Looking for flowers that “scrub” toxic land

Echinacea purpurea (eastern purple coneflower or purple coneflower) Source: Wikipedia

Echinacea purpurea (eastern purple coneflower or purple coneflower) Source: Wikipedia

Many gardeners are well-acquainted with echinacea - or coneflower – which grows well from Texas to Ontario and most states in between.

The most common color is purple, though it comes in white, yellow or even green too. Purple coneflower much-loved as a hardy perennial that needs little care, can handle drought and is excellent for attracting bees and butterflies.

In herbal circles, echinacea has a longstanding reputation of doing all sorts of helpful things, including reducing the incidence or severity of common colds. Mind you, some scientific studies appear to support those medicinal claims, while others do not. (This post takes no position on that question.)

Victoria island (bottom) in the Ottawa River, connected by bridge to City of Ottawa near Parliament hill (top). Wikipedia image by Shanta Rohse

Victoria island (bottom) in the Ottawa River, connected by bridge to City of Ottawa near Parliament hill (top). Wikipedia image by Shanta Rohse

Now comes word that studies taking place in Ottawa are trying to see if echinacea can help clean contaminated land. As reported by Tom Spears, University of Ottawa biologists Christiane Charet and Jules Blais have been working since last summer with test plots on Victoria Island, a small Ottawa site that collected a lot of hydrocarbons and other pollutants from long use as a factory and rail area.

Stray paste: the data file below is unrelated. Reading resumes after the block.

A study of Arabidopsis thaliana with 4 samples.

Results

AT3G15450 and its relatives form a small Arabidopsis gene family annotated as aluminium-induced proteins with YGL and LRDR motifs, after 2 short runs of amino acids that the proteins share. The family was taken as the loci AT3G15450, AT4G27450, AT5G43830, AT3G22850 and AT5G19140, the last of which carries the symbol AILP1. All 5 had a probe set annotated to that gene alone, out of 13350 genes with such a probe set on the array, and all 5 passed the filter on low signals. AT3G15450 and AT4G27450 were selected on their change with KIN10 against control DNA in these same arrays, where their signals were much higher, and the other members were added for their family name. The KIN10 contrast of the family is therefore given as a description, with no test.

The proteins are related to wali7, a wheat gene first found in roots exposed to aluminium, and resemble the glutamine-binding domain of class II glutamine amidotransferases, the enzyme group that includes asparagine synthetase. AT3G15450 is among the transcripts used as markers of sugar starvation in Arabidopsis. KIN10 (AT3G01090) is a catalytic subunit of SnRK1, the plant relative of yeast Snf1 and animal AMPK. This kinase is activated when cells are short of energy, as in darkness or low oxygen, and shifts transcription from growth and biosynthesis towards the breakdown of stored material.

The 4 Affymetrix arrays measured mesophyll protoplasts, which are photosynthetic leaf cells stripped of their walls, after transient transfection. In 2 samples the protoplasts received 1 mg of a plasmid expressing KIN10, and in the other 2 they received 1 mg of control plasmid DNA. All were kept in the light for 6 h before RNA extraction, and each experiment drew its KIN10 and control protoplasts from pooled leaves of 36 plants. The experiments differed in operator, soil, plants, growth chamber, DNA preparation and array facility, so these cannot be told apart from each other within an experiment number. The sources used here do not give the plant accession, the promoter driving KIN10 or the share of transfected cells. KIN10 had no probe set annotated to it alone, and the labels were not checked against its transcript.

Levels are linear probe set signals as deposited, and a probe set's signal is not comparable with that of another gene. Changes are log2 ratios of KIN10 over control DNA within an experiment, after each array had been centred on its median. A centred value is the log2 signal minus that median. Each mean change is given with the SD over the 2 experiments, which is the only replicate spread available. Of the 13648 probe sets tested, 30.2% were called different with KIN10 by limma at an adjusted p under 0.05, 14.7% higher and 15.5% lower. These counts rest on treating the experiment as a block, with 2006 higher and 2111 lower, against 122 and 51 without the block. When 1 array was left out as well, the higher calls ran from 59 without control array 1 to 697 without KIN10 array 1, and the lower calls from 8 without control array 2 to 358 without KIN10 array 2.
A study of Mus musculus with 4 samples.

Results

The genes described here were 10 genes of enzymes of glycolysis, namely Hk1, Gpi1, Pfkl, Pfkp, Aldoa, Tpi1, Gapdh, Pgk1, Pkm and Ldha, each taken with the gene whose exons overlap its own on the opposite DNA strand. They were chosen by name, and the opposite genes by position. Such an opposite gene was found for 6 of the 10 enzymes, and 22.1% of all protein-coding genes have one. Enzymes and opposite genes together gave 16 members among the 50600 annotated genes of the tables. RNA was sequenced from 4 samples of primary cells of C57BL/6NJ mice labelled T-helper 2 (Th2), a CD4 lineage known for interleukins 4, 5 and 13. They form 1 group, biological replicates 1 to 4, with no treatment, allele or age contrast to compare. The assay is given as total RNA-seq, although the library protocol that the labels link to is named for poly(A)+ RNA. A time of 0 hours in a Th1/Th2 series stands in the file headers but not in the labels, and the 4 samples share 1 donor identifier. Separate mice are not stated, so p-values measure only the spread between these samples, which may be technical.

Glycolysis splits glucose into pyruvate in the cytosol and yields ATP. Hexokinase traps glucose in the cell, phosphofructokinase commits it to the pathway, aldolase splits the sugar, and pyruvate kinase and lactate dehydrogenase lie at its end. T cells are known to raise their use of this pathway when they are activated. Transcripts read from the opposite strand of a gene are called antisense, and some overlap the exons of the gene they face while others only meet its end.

According to the Ottawa Citizen article the cleaning action consists of a tag-team event that takes place below the soil and above:

The research looks at how natural soil fungus helps plant roots to absorb a class of contaminants called polyaromatic hydrocarbons, or PAHs. Plants often draw on underground fungus to help them absorb nutrients. The work is funded by the Canada Foundation for Innovation.

“What we’re finding is that they (fungi) makes the hydrocarbons much more bioavailable,” Blais explained. In other words, it makes the pollutants easier for the plants to take in.

“We’re not entirely sure how they do this.

“We’re testing now to see to what extent the plants can metabolize and break down these (chemicals),” he said.

“We’re in the very early stages but it does appear quite promising.”

In this case, tough, pretty, low-maintenance echinacea got the nod for the plant part of that experiment. Which is great, because there’s a real need to de-contaminate polluted land. And all the better if the cleaning is based on natural, sustainable processes.